School is back in session in early August this year for the nearly 7,500 students enrolled in Brownsburg Community Schools.
It's the first year for the district’s so-called balanced calendar.
"Other township schools and area schools [are] reporting a lot of success that they really liked that calendar. It made a lot of sense in a number of ways," explained Donna Petraits, Communications Coordinator for Brownsburg Community School Corporation.
The balanced calendar sends students back to the classroom earlier in the summer. The school year consists of four, nine-week grading periods. Students go back in late July or early August for nine weeks with a two-week break for fall. After that, they return for nine weeks, followed by a two-week winter break. After a subsequent nine-week grading period, students get two weeks for spring break. School gets out in May; summer break lasts eight weeks.
Petraits said the idea is to help keep students fresh and focused throughout the entire year.
"It also provides more timely opportunity for remediation throughout the year. Instead of cramming it in during summer school, they can work on that periodically as the year goes on," Petraits said.
Warren Township adopted a balanced calendar three years ago.
"One of the benefits is teachers report that at the beginning of the school year they have to review less because students are remembering the information," said Lee Ann Kwiatkowski, Assistant to the Superintendent for School Improvement at Warren Township Community School Corporation.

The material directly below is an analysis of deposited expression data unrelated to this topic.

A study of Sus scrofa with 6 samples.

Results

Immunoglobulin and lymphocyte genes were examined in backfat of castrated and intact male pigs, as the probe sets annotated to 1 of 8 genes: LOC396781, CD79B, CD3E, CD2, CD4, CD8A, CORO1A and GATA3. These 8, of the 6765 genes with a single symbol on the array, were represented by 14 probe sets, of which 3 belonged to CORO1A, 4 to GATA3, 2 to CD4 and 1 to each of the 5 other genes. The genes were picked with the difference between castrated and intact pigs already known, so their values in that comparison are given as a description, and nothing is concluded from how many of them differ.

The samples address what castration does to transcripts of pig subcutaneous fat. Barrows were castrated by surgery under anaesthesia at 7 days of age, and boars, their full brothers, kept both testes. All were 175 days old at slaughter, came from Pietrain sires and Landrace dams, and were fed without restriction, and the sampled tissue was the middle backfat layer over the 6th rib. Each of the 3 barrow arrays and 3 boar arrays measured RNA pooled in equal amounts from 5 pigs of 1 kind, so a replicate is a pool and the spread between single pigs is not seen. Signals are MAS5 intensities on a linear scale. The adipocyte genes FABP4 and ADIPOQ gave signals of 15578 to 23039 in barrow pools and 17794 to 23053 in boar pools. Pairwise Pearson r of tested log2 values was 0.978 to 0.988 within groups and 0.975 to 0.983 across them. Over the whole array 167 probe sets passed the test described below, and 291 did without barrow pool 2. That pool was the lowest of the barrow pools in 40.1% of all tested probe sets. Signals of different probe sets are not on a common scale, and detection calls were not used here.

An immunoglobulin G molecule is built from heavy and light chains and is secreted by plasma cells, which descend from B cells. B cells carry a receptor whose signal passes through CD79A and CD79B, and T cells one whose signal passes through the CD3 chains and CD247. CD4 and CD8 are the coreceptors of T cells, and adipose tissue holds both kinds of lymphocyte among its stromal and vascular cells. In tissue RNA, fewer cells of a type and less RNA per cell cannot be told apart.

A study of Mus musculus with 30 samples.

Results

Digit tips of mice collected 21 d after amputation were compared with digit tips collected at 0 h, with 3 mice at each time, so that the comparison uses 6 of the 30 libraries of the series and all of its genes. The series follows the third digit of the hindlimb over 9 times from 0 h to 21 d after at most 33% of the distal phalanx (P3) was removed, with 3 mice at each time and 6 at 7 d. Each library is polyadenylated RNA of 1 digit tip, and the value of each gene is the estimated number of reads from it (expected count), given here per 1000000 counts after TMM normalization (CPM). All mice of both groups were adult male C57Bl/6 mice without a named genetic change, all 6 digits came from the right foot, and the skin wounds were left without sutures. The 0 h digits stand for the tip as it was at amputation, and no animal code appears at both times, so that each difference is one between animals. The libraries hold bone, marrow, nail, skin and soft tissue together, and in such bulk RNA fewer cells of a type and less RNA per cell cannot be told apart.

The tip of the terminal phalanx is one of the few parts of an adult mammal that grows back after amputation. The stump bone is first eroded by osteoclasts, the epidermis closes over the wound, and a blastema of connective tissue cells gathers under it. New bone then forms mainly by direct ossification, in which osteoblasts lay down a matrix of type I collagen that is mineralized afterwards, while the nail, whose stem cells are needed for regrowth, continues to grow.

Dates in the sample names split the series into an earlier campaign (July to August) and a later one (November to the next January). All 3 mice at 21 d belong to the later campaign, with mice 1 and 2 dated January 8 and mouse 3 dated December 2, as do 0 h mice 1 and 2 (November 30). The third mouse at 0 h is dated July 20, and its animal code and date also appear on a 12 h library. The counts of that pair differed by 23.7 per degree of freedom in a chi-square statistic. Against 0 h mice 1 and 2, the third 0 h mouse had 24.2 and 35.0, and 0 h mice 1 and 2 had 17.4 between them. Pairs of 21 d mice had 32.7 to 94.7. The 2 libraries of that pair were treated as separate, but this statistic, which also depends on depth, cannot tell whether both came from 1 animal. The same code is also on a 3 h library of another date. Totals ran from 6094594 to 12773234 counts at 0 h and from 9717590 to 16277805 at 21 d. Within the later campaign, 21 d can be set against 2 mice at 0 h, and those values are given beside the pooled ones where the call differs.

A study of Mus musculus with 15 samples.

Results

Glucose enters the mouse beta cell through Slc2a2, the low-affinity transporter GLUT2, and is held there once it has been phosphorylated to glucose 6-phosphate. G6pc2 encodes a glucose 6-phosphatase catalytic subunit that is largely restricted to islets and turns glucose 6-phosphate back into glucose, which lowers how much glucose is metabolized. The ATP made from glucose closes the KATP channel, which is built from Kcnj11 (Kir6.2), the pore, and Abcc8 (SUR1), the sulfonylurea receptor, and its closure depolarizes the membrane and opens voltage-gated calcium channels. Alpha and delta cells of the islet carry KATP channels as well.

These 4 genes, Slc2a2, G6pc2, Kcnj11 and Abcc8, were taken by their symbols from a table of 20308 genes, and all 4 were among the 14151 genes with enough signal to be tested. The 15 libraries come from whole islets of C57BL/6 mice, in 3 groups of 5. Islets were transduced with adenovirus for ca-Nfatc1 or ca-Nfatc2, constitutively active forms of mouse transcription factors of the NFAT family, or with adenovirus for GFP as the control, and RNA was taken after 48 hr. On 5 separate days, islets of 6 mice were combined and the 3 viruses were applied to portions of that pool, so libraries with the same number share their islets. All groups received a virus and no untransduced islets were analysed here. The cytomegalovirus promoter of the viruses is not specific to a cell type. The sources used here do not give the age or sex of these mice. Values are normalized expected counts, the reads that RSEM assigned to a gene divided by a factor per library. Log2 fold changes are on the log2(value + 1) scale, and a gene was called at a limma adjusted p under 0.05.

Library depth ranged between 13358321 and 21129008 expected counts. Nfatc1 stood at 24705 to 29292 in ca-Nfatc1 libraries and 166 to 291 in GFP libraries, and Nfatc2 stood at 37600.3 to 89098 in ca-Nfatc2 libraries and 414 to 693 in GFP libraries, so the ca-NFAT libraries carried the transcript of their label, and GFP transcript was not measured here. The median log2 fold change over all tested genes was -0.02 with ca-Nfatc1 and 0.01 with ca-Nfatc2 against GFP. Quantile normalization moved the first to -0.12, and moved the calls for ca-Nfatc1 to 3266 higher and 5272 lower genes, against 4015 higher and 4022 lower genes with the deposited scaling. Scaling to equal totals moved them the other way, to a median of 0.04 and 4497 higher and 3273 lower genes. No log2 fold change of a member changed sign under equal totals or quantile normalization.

Warren Township also keeps its early childhood education center open during the two-week breaks throughout the school year so working parents have an option for childcare.
"With behavior, we found that it’s nice to have those breaks after nine weeks in school because it helps with motivation and it helps with children staying focused in classroom," said Kwiatkowski.
Indianapolis Public Schools, Avon Schools, Wayne Township Schools and Franklin Township schools have also adopted a similar schedule.
Not everyone agrees, however, that the balanced calendar is a good fit for families or an educational success.
Save Indiana Summers is a non-profit coalition advocating statewide research on the impact of a shorter summer break. The group is calling for a referendum before a school district can switch to a new calendar. Advocates for a traditional calendar also point out the economic impact of a shortened break on families who rely on students to take part-time summer jobs.
In Brownsburg, Petraits said the district surveyed parents and teachers. Both groups overwhelmingly supported the move. However, she said the new calendar isn't set in stone.
"If we get into the year and find out we have significant problems or it becomes very unpopular, then we’ll always take another look at that," said Petraits.